It will not be enough to elicit overwhelming fear; however will be a good opportunity to learn that cars driving by are not so scary after all. This is done by choosing a quiet neighborhood where you can estimate that with a 20 minute walk, 2 to 3 cars may pass by.
You may need to drive to various neighborhoods to find one with this amount of light traffic, so bring water, along with treats which will be needed for the training.
The goal is to walk your Yorkie, with him being on your left (even if that needs to be on the traffic side of the sidewalk) and 100% completely ignore any attempts to run, go behind you, jump, bark or other behavior. With the leash kept exactly at the length required for your dog to be right by your side, with the harness on and walking at the correct pace, you will be able to forge ahead despite any actions your Yorkie tries to take and will be able to do this without harming him.
Be careful to not tense up when you see or hear a car coming.
Dogs are remarkable at being able to read and sense an owner's feelings. If you feel nervous in anticipation of how your Yorkshire Terrier is going to react to traffic, this in and of itself can make a dog nervous. As the car is coming closer, reaffirm proper walking by matter-of-factly saying "Heel, good heel" several times in a confident voice.
Do not look over at your Yorkie when the car passes. Simply walk, holding the leash tightly as if nothing at all happened. Once the car if out of sight, if your Yorkie did okay you can pause and offer a small treat (have these ready in your pocket for easy dispensing). If he did indeed jump or try to run, don't offer a treat, however do speak in a casual voice and keep going.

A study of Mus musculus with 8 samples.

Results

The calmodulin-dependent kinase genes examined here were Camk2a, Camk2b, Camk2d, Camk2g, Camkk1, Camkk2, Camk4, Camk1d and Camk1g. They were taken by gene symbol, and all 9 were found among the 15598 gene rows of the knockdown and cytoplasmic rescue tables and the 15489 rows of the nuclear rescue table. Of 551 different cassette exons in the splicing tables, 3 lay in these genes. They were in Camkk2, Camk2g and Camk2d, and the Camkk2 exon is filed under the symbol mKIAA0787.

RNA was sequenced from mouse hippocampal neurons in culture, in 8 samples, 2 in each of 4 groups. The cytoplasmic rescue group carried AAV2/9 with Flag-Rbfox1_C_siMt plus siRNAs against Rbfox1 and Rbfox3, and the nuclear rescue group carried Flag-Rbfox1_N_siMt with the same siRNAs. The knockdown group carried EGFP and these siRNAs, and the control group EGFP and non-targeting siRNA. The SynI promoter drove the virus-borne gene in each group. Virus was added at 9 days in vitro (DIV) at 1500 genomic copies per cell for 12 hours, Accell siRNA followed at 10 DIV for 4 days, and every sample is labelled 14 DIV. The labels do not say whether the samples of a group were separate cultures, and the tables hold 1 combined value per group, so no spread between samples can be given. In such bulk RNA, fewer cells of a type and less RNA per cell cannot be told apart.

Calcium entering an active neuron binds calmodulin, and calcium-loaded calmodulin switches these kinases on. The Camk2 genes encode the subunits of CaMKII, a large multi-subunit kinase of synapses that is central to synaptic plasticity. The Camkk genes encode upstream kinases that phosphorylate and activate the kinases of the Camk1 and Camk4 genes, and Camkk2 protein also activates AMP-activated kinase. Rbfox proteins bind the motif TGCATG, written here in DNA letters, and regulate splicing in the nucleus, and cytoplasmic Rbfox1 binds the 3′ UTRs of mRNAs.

After 20 minutes, it will be time to end the session and whether or not your Yorkie was afraid or did indeed handle himself well, give praise and a treat for a job well done (or for at least trying). It is important to show enthusiasm both before and after a walk; dogs often tend to eventually believe that something is fun if the owner acts as if it is.
If a dog is still so scared of even just one car passing by, you can try another method in which you have exceptional treats ready (something like real bacon, cooked crisp and broken up into pieces). When you know that a car is going to pass by, stop walking, kneel down and be looking right at your Yorkie. Wave the piece of bacon to gain his undivided attention, toss it toward the grass and give the 'Find' command.
If your Yorkie is finds the treat and gobbles it up without paying attention to the car, this shows that he is able to remove his focus from the threat and fear of the car.
This is a good sign that desensitization will work.
Over time, you can progress to simply getting his attention when traffic comes down the street. The next step from that is to simply be able to say his/her name
. Only once he is successful with this, will it be time to move things up a notch.
Step 3- It may take 2 days to get to this point or it may take 2 months; however do not move up to this next phase until your Yorkshire Terrier has proven that he has learned to handle walking with light traffic without any issues. When a dog is exposed to something enough times… and each of those times the owners is showing by example, actions and words that nothing is scary, a dog will ultimately learn the lesson.
This next step in teaching a Yorkie to not be afraid of cars is to go to an area with moderate traffic. Choose a spot that you estimate will have 10 or so cars passing by within a 20 minute time frame.
You will repeat the same actions as you did for Step 1.